Patrick Friesen Recommends…


Patrick Friesen recommends three books to read this summer:

Into the Silence, by Wade Davis, is a beautiful interweaving of biography, history, and spiritual yearning as it tells the story of British climbers’ attempts on Everest in the early 1920s. The book moves slowly, deliberately, taking many side trips into things like the deep effects of WWI on the various climbers.  One sees the connections between the British imperialism of that war and the attitudes of some of the climbers in the Himalayas. What I loved most was Davis’s brief, necessary glances at Tibetan Buddhism, with its deeply spiritual understanding of the mountains, of the gods in the mountains, and of those who live in these isolated places.  This book has enough detail to serve academic purposes, too much detail in places, but it is also a wonderful read for anyone interested in not just the facts of Everest and those who pursue it, but in the geography, the rivers and vegetation, and the spiritual presence of the Himalayas.

At its best the focus on prizes in the past decade or so recognizes excellent poets and their books. At its worst it pushes literature into a kind of show biz competition that diminishes everyone. But, if recognition is to be given, why has George Amabile not been sufficiently recognized?  In Dancing, With Mirrors, Amabile once again proves himself one of Canada’s greatest poets. This book, a lyrical summing up of a career and a life, fuses prosey passages with poetry of the highest level. Amabile has always had a fabulous ear for other peoples’ work, but he has it for his own as well.  He brings a narrative perspective to a rich lyrical one.  Story is told, moments are celebrated. Motion and stillness move in and out of each other, seamlessly.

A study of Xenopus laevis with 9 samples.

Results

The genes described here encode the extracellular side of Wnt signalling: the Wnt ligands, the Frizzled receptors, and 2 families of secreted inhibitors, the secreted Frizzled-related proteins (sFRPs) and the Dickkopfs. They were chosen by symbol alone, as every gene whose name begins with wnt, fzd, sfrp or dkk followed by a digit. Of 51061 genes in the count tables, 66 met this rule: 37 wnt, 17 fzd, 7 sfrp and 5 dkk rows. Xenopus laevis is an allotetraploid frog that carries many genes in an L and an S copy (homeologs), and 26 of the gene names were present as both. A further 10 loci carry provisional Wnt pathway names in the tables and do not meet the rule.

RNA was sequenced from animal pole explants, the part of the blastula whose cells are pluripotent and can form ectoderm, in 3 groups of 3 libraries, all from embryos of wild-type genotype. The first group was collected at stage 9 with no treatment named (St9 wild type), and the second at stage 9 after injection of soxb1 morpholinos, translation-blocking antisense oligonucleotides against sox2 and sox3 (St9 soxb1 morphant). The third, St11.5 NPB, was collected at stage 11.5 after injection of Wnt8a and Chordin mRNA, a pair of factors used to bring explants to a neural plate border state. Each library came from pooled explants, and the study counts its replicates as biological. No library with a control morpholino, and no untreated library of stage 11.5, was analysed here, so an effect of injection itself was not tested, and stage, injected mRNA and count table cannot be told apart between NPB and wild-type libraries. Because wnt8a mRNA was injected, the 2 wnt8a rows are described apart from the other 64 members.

I recently read Reading My Father, by Alexandra Styron, primarily because I love William Styron’s prose.  He was one of the greatest writers to emerge from the USA during the last century.  It’s a beautifully written book; Alexandra Styron is clearly a very fine writer. It is a disconcerting book though.  I’d known, previously, that Styron was an obsessive writer, and thus not a very present father, and that he drank a lot of alcohol and suffered from depression. This all comes out in the book.  What is disconcerting is how mean the book feels at times, unnecessarily so. Points can be made without the extra dig, without the demeaning detail. I have the feeling of accounts being settled, unfairly as Styron can’t answer for himself anymore. Still, a fascinating read and a window into a great writer’s working life. To be read with some wariness.


Patrick Friesen's latest books are A Dark Boat (Anvil) and jumping in the asylum (Quattro), which won the 2012 ReLit award for poetry. Patrick's celebrated play, The Shunning, ran at the Royal Manitoba Theatre Centre in 2011.